Sunday, 14 November 2010

The Fountains of Les Mis

I've just been to the Vue in Leicester Square with Matt to see the film version of the 25th anniversary concert of Les Miserables at the O2. Matt was playing Thenadier and did an extremely good job. It seems he was born to play the part, and all the other platitudes that people without proper words use on these occasions. The entire cast was wonderful and the new orchestrations are incredible but Alfie Boe playing Jean Val Jean completely blew me away. His standing ovation for Bring Him Home lasted four whole minutes, during which time he stood, rather uncomfortably on the stage, wondering whether to come out of character to acknowledge the applause, or just stand there looking grief-stricken. In the end, he acknowledged the audience with a subtle blown kiss which felt deeply appropriate and made me warm to him even more than I had when he cooked us Sunday dinner a few weeks back. What an extraordinary voice that man has and anyone who doubts this fact, should see the film of him singing for his supper at Matt's house here...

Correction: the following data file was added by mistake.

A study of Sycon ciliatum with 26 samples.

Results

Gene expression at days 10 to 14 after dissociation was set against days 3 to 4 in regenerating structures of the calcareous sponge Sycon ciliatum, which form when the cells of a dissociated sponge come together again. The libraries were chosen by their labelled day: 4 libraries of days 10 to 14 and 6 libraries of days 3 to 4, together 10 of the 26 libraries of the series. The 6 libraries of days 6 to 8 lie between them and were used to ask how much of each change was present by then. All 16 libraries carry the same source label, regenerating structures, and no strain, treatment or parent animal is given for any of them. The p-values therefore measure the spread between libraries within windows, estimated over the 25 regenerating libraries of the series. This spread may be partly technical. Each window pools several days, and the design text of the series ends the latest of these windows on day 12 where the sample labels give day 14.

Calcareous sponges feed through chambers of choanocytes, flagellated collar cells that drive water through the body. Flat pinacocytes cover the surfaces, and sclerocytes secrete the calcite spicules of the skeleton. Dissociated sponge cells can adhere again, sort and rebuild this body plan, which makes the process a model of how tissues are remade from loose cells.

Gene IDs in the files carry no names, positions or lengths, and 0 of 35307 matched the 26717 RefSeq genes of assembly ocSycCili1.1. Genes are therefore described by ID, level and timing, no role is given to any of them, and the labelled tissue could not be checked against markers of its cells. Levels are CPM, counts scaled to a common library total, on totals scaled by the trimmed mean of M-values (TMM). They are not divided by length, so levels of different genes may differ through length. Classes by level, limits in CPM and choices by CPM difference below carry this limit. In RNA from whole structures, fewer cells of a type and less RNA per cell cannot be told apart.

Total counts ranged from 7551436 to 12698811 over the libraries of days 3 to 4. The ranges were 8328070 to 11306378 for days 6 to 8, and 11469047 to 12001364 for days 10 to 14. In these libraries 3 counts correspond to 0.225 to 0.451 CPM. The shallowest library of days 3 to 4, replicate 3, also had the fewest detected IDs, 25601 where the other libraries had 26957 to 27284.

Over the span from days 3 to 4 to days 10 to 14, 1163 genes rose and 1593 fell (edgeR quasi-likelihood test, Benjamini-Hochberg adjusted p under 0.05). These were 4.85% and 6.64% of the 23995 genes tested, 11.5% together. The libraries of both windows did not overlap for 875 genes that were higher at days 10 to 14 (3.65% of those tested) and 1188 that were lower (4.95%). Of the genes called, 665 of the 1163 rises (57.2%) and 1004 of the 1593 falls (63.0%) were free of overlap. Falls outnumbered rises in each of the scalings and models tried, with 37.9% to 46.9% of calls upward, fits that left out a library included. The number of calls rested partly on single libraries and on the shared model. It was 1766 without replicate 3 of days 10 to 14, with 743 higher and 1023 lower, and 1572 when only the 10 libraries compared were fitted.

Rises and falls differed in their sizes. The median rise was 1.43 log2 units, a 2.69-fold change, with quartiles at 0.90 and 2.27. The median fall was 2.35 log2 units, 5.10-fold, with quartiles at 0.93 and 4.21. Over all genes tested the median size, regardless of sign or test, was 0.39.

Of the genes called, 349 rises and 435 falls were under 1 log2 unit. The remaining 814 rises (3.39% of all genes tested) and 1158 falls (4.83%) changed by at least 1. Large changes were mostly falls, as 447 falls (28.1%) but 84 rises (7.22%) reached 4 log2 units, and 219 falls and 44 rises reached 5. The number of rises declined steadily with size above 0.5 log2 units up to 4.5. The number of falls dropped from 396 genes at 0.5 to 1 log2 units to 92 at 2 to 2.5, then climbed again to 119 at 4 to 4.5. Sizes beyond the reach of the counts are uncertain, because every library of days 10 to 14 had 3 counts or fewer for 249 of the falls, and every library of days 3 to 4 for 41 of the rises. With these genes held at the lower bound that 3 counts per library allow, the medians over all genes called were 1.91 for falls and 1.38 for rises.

Les Miserables gets a lot of stick from classical music snobs, but my God, it's a great show. I first saw it as a sixth former. We went on a school trip to London and were given the choice of either seeing Wogan being filmed or going to see Les Mis, and it was only me and another girl who wanted to see the show. A teacher rather begrudgingly took us and we sat in the Gods with a box of Maltesers between the three of us. I burst into tears at the end of One Day More. It was horribly embarrassing, and I didn't know where to put myself and I refused to talk during the interval for fear of crying all over again. I don't think I'd ever heard music so loud or so stirring and I'd played The Fountains of Rome in Youth Orchestra!

350 years ago was the first day of a new regime at the Navy office. It's not clear why, but it had been decided to shift from working during the mornings to working in the afternoons. Pepys therefore had a morning free to visit a goldsmith, but found himself working late into the evening. After finishing, the Navy team went drinking at the Dolphin Tavern, where they found Sir William Batten, a man for whom Pepys was beginning to develop something of a grudge, writing snidely that barely a night went by without him being found in there. Nevertheless, a great deal of fun was had by all "and there we did drink a great quantity of sack and did tell many merry stories, and in good humours we were all." I'm beginning to wonder whether I shouldn't organise a story telling evening. What a wonderful way to pass a candle-lit evening!

1 comment:

  1. So agree with you about les Mis. I saw it for the first time only a few months ago and was BLOWN AWAY!!! I love opera too, by the way. Going to see Parsifal in March, so there, you snobs :-p There are only two sorts of music: good and bad, end of.